Former GE CIO Jamie Miller is setting a digital solutions business in Chicago in her new role as President and CEO of GE Transportation, where she intends to hire 100 workers to accelerate the company's industrial technology strategy. Miller is applying the IT leadership and operations skills she honed in two years as GE's global CIO as the leader of a $6 billion business that sells heavy machines and services to railroad, mining and other industries. [See also: From CIO to CEO - What CIOs must do to become CEOs]
"The demand for the digital skill set is as high as it's ever been, and I think as we really look to grow talent to run any element of the business over the next few decades. Digital is going to be a critical asset and skillset for anybody," Miller said. She says GE must hire more employees with "digital DNA" because customers are increasingly looking to interact with GE through applications, data and mobile devices.
The new digital solutions business continues a trend GE CEO Jeff Immelt kicked off last September, when in a joint announcement he promoted Miller and unveiled the creation of GE Digital in San Ramon, California. The unit, which Immelt expects to be a top 10 software business by 2020, marries analytics, software development and Internet of Things, all crucial ingredients for predicting and optimising performance of the industrial machines the company builds and supports.
GE seeks software engineers and data scientists
Co-located in GE Transportation's headquarters, the new digital unit is seeking software engineers, software developers, data scientists, product analysts and project managers to facilitate the creation of new products and services for railway, mining and marine industries, which increasingly equip their heavy machines with sensors to optimise performance. Miller says investments seek to tap Chicago's deep talent depth, supported by several global businesses and major Illinois universities.
"The demand for digital productivity has never been higher, which is why we pulled together all of our digital product into our digital solutions business and why we’re doubling down and investing for growth in that space," Miller says. Miller says she expects the new hub to generate 30% of top-line growth in 2016.
GE Transportation Chief Digital Officer Seth Bodnar is running the new digital hub, which will develop everything from on-board computers for locomotives to the applications and sensors that help optimise railway operations. For example, more than 200 onboard sensors process over a billion instructions per second in GE's Tier 4 locomotive.
The unit's Trip Optimizer application is an automated cruise control system that drives a train more efficiently, saving on average 10% on fuel. Its Movement Planner application is an air traffic control system for a railroad, directing the traversal of trains around the network. Bodnar says his team will build out a more complete suite of additional applications to optimise the performance of its customers' machines.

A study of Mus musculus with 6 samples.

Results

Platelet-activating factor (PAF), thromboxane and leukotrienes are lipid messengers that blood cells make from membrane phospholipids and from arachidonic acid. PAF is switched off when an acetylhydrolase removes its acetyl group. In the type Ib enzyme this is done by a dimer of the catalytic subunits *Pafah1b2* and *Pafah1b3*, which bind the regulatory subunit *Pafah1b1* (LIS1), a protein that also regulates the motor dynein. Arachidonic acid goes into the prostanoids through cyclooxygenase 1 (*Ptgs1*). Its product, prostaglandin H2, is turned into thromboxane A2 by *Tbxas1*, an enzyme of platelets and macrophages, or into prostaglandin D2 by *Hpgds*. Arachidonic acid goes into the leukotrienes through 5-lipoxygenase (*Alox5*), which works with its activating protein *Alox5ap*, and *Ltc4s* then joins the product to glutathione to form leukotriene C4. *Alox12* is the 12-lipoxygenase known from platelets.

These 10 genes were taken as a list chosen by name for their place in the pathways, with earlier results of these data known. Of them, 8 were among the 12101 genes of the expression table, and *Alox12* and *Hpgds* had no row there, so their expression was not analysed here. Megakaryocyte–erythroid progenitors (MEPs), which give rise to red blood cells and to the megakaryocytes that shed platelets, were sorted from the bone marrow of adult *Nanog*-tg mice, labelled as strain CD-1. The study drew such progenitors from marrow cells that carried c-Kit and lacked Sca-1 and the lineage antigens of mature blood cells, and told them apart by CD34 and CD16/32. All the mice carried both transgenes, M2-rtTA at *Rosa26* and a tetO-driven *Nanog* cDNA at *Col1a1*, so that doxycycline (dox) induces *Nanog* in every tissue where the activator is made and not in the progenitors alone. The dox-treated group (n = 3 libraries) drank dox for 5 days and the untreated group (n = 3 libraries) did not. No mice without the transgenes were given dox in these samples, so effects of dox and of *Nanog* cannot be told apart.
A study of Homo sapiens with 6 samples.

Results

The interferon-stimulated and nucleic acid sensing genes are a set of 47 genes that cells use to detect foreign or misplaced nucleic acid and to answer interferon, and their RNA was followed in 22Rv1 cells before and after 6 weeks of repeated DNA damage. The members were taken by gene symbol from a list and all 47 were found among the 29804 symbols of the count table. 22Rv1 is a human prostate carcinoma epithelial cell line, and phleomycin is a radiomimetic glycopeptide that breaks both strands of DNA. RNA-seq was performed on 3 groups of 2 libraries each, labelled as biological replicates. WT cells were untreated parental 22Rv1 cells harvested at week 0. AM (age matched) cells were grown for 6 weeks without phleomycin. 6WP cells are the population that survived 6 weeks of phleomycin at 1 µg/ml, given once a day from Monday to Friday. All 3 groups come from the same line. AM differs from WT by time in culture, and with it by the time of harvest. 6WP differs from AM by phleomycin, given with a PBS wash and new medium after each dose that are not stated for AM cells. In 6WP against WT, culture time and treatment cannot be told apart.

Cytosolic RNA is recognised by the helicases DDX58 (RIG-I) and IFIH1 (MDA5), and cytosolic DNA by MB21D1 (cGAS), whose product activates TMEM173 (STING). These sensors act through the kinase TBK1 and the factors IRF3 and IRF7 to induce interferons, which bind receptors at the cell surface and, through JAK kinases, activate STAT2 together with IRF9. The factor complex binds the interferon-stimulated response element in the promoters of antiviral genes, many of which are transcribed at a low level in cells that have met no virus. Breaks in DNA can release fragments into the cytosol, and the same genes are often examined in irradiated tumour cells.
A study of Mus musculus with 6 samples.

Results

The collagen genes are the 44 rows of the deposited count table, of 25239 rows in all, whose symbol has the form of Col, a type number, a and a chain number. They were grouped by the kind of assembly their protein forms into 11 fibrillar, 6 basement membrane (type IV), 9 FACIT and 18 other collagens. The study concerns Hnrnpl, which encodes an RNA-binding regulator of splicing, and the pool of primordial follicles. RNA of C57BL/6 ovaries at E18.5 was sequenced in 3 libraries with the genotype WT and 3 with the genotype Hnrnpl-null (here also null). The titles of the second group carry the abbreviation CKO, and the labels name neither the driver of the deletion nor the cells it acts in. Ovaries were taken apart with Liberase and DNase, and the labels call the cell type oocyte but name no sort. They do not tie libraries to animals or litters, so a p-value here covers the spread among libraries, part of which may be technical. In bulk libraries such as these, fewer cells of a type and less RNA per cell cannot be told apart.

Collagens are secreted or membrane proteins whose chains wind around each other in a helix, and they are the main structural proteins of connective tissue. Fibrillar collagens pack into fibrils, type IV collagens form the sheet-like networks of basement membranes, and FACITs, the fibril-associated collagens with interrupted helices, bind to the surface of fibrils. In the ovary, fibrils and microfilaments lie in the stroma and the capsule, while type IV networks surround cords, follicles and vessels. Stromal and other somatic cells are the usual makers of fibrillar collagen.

Predictive maintenance is critical for GE's asset management
GE Transportation will integrate GE Digital's Predix software, a predictive diagnostics platform that communicates with sensors, to remotely gauge anything from fuel consumption to wear and tear on industrial machines. "Predix as a software platforms forms the core of the technology stack that we will build our operations optimization applications upon," Bodnar says.
Miller says her team will incorporate Predix technology from GE Digital. "We pull them in, we leverage Predix, we leverage a lot of their talent, but we also build out our own capability in software development, data sciences - and we have to bring the real business domain, the transport, the rail, the actual equipment domain to the equation to drive the right outcomes for the customer," Miller says. "So it's a bit of marriage."
Miller's promotion is largely due to a digital business acumen she honed in her two years as global CIO, where she closed several data centres and migrated to cloud applications and infrastructure. CIOs who learn the logistics of finance, operations, human resources, sales and pretty much all aspects of the business put themselves in prime position to lead companies. Salesforce.com CEO Marc Benioff said recently that CIOs who steer their companies through digital transformations are on the path to become CEOs.
Or as Miller put it: "When you're running a business, you've got to have deep market insight, you've got to be deep with customers, you've got to know the product and you've got to be able to think about the services element post-sale."